Manufacturing hopes dashed

HOPES that the manufacturing recession might be lifting were dashed yesterday with new figures showing production unchanged between June and July.

In the three months ending in July, manufacturing output was flat compared with the previous three-month period, the most reliable basis of comparison.

A 3.7 per cent rebound in energy production in July, from North Sea oil and gas and the electricity industry, raised overall industrial output by 1 per cent on the month, the Central Statistical Office said.

Meanwhile, there was more depressing news from the motor industry, as separate figures showed that car production last month fell nearly 8 per cent from a year ago.

Economists said the industrial production figures were consistent with an economy 'treading water', and would stay depressed for the next few months.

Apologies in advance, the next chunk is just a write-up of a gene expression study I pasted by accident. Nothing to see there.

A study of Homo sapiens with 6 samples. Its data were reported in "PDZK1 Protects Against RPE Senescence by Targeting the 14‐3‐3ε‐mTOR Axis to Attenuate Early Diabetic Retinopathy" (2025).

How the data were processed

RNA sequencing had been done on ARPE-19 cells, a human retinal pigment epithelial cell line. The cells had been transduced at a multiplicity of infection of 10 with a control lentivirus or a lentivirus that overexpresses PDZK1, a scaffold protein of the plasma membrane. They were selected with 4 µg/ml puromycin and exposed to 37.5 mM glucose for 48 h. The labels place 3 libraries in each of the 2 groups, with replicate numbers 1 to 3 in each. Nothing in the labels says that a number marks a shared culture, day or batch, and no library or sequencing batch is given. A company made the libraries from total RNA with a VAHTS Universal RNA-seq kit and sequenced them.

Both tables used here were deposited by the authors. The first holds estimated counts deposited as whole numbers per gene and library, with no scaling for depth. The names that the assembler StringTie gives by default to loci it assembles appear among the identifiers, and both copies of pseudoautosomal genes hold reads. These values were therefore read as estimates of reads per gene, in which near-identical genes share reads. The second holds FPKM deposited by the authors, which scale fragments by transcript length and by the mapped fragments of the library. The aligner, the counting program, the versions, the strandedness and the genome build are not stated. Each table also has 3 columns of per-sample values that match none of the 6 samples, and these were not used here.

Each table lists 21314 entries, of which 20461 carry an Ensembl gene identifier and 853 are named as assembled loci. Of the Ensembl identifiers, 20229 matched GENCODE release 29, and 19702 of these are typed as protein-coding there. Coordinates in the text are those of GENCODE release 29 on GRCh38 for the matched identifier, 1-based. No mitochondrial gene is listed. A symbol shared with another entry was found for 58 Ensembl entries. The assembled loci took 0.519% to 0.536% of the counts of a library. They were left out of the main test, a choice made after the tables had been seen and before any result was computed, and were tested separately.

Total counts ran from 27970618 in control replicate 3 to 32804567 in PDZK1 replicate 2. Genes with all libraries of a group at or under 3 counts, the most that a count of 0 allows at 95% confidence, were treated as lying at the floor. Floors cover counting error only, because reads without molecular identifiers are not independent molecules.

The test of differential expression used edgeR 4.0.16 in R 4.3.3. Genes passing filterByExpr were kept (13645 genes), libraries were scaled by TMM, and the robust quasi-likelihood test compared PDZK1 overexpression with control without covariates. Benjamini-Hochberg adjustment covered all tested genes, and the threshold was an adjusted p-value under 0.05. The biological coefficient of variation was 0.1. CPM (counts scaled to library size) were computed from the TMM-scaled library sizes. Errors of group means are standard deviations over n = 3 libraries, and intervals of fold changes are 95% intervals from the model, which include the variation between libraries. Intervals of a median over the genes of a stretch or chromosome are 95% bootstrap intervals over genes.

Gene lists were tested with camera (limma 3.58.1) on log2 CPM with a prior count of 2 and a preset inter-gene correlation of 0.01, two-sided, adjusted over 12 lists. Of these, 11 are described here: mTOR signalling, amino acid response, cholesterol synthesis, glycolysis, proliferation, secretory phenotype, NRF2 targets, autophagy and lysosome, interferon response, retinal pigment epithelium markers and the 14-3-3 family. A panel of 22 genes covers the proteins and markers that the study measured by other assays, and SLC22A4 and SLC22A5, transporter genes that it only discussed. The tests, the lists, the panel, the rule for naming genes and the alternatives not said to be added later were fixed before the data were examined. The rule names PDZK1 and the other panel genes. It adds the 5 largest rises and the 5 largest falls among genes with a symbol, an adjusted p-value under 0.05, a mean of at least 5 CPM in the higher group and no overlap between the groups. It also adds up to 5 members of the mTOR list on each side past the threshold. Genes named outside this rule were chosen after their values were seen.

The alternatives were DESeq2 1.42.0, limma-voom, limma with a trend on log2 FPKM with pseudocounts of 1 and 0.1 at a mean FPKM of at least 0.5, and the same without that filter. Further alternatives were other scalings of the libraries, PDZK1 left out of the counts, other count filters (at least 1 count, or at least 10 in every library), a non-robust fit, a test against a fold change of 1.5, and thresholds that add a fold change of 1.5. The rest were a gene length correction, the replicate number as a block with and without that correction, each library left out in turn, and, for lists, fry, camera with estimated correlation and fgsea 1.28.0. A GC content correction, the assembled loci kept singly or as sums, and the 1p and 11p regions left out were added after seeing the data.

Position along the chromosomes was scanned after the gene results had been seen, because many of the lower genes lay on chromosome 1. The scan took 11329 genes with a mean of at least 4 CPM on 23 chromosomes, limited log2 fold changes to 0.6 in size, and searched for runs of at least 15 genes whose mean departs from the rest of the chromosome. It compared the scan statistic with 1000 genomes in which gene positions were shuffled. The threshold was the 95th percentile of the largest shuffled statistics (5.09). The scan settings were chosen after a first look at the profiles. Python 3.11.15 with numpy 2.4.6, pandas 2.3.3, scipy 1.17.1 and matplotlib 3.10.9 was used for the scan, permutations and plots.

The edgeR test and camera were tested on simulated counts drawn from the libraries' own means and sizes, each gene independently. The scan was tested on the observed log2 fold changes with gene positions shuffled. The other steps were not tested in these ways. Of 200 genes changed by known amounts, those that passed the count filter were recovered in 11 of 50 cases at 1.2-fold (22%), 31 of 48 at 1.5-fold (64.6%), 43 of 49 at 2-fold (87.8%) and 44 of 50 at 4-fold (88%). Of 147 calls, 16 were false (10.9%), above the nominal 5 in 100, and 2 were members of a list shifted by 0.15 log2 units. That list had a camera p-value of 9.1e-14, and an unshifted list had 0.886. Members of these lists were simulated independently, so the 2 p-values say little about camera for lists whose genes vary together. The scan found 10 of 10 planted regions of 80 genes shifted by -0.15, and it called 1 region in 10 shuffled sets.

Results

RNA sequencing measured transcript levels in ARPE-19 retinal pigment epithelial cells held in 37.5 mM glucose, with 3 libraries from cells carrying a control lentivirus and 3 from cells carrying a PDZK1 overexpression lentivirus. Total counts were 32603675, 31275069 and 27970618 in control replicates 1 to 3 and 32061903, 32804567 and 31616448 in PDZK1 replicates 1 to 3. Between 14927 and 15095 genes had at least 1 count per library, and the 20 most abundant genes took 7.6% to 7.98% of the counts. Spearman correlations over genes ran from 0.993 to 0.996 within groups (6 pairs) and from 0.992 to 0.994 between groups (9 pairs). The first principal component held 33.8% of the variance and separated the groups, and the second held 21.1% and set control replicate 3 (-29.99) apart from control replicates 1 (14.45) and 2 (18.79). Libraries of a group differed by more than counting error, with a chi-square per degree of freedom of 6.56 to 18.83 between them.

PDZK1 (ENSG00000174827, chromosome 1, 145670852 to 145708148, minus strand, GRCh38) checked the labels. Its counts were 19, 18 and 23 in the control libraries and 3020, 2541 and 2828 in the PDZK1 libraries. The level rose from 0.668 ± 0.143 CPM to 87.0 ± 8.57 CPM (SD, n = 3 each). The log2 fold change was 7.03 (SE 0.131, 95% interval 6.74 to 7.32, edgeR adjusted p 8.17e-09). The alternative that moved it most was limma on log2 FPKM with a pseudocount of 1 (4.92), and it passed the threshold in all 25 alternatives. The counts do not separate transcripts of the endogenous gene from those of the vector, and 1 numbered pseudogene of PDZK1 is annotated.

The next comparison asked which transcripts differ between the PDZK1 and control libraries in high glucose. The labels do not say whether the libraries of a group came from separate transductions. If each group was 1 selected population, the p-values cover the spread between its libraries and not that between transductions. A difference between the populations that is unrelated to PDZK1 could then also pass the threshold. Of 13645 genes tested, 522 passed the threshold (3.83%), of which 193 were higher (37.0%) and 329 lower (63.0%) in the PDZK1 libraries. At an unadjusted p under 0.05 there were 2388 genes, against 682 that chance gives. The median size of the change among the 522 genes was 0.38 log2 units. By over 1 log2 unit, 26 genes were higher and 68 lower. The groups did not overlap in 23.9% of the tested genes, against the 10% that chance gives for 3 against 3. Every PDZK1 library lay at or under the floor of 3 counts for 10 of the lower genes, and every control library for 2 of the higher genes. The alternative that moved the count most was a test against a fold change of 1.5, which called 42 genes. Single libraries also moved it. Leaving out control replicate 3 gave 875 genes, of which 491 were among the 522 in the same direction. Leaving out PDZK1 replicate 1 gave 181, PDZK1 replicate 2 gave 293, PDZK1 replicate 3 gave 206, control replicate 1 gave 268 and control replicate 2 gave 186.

The statistics confirmed recent CBI surveys showing worse-than-expected orders and output, with little evidence of a reversal before the new year.

Glenn Davies, chief economist with Credit Lyonnais, said: 'There were signs that industry was making a little headway but that has completely stalled. The economy may be into a second dip of the recession.'

In manufacturing during the three months to July, food, drink and tobacco output increased by 1 per cent from the previous three months, helped by warm weather.

But metals output fell by 1 per cent, because of the Ravenscraig steel works shutdown and other maintenance closures, and chemical output also fell by 1 per cent.

Consumer goods production rose 0.5 per cent, capital goods output was unchanged and intermediate goods output fell by 1.3 per cent in the three-month period. Overall energy output was down 2.1 per cent, with coal production down 5.7 per cent in the three months to July on the previous three months.

According to the latest figures from the Society of Motor Manufacturers and Traders, total output of cars in August was 53,000 - down by more than 4,000 on August 1991.

The main reason for the slump in output was a 24 per cent fall in production of cars for export. However, production of vans and trucks was up year-on-year by almost a half, to 12,437.